Atlantic Council



President Barack Obama’s new strategy for confronting the explosive growth of the ISIS militant movement in Iraq and Syria puts the United States “in a better place than we have been,” said General Michael Hayden, Atlantic Council board director and former CIA director. But it will involve more US troops deployed into the region than Obama’s September 10 speech indicated, he said.  Hayden spoke this morning in a conference call with Council members and journalists.



Amid the war between Russia and Ukraine, no city is watching the viability of the fragile cease-fire with more apprehension than Ukraine’s second-largest seaport, Mariupol. That is because the city, home to steel mills and, normally, a half-million residents, will likely become an immediate and intense battleground if the fighting resumes. Russian troops and their allied militias in southeastern Ukraine’s Donetsk province launched an offensive toward the city last week just before the truce was declared.


Listen to the audio below for expert analysis from Michael V. Hayden, former director of the National Security Agency, former CIA director, and Atlantic Council board director; Ambassador Frank Ricciardone, vice president and director of the Atlantic Council's Rafik Hariri Center for the Middle East; and Barry Pavel, vice president and director of the Council's Brent Scowcroft Center on International Security.



History books to be written about the Ukraine crisis and the Battle for Donbas will likely record as a military turning point the battle on September 5 for the town of Ilovaisk. A massive, pinpoint-accurate artillery barrage, using high-tech reconnaissance and targeting, killed hundreds of the Ukrainian troops who had been closing in on nearby Donetsk, the headquarters of the Russian-backed rebellion. That precisely guided rain of shell and rocket fire shattered Ukraine’s offensive, and was beyond the capability of the ill-trained, informal militias of the self-proclaimed “Donetsk People’s Republic.” It is probably beyond the realm of any doubt that this assault was part of Russia’s direct military intervention in Ukraine.



In the ninety days since ISIS militants suddenly seized Iraq’s second-largest city, Mosul, international news media, governments, and even last week’s NATO Summit have swung their attention and agendas to debating how to counter the explosive growth of the group’s apparent capacities and its threat to Iraq and the wider region.

Alarmingly similar is the upheaval spreading with little notice in north-central Africa. The Boko Haram militant group is “achieving many of the same operational and strategic successes . . . including significant dominion over territory and populations,” according to J. Peter Pham, director of the Atlantic Council’s Africa Center. Except for a brief spasm of attention last spring – after Boko Haram kidnapped nearly three hundred girls from a Nigerian government school – the international community has given little, and inconsistent, focus to the African case.



A Russian court has sent Ukrainian soldier and pilot Nadiya Savchenko for a “forensic psychiatric evaluation” at the Moscow institute where Soviet authorities for years performed abusive treatments on political dissidents. Savchenko says she will refuse to submit to the examination, which she condemns as illegal, according to a hand-written statement made public by her lawyer.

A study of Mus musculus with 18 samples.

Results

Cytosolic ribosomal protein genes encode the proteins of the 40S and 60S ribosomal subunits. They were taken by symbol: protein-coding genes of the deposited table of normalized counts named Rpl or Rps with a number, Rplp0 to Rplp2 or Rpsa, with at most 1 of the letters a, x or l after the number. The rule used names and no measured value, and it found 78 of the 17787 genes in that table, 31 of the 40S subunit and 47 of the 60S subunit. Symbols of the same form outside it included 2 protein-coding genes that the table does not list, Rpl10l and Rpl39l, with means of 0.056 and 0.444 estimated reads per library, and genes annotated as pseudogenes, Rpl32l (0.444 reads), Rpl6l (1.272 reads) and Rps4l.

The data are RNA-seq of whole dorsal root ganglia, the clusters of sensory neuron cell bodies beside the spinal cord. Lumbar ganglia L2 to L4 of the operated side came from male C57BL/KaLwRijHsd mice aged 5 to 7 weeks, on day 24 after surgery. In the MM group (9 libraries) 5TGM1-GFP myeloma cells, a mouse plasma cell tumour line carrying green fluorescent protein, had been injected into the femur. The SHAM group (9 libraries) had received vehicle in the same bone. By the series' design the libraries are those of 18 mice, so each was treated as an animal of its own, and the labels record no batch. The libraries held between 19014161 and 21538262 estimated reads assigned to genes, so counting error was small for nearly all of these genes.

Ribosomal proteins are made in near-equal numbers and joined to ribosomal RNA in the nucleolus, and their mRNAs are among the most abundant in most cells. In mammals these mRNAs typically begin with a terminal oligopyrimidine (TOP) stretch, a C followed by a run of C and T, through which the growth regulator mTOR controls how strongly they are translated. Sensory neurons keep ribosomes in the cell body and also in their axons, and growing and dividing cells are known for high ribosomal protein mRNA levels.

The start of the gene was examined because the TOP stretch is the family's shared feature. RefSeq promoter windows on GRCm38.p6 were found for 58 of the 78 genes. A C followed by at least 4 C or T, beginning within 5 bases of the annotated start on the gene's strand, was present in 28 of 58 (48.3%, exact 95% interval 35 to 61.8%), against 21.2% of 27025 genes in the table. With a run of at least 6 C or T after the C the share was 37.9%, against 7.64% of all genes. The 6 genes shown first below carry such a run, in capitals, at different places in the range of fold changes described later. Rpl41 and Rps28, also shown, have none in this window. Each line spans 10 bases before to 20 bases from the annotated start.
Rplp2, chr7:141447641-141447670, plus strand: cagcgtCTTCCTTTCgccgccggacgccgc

When Ukraine’s President Petro Poroshenko attended the NATO Summit on Friday, it was clear that the Alliance had chosen not to offer his country the weapons it needs to fight the Russian troops and paramilitaries who have invaded his country, Atlantic Council experts say. So as Poroshenko accepted instead the symbolic support of a meeting with President Barack Obama and other NATO leaders, he instructed his government to accept a risky Plan B: a cease-fire and negotiations with Russia that could give the Kremlin effective control of much of Ukraine’s industrial center.



Eight months after Yemen sparked hope for its stabilization with a broad political accord for a new, federal state, that agreement has eroded into massive protests that threaten to undermine the earlier progress. Tens of thousands of Shia tribesmen from Yemen’s Houthi movement have besieged the capital, Sanaa, for more than two weeks, demanding an end to corruption, the resignation of the government of President Abdrabbo Mansour Hadi, and the restoration of fuel subsidies Hadi removed in July.


Listen to the audio:



Thugs Beat the Official Who Revealed Kremlin's Secret Burial of Soldiers Killed in Ukraine War


The story Lev Shlosberg told Russians last week is potential political dynamite for President Vladimir Putin: Shlosberg, a provincial legislator from Pskov, visited the funeral for two local men, paratroopers of the 76th Airborne Division, who had been killed in their unit’s secret (and illegal) deployment into Ukraine.

Shlosberg wrote about the funeral, from which he was turned away by military officials keeping it secret, in the local newspaper he publishes in Pskov. And he told the story to those Russians nationwide who can access the independent internet TV station Dozhd (“Rain”). Last Friday evening (August 29), as he left his office, three men attacked him in the street, beating and kicking him until witnesses appeared, according to Sergei Mitrokhin, who leads Yabloko, the opposition political party to which Shlosberg belongs.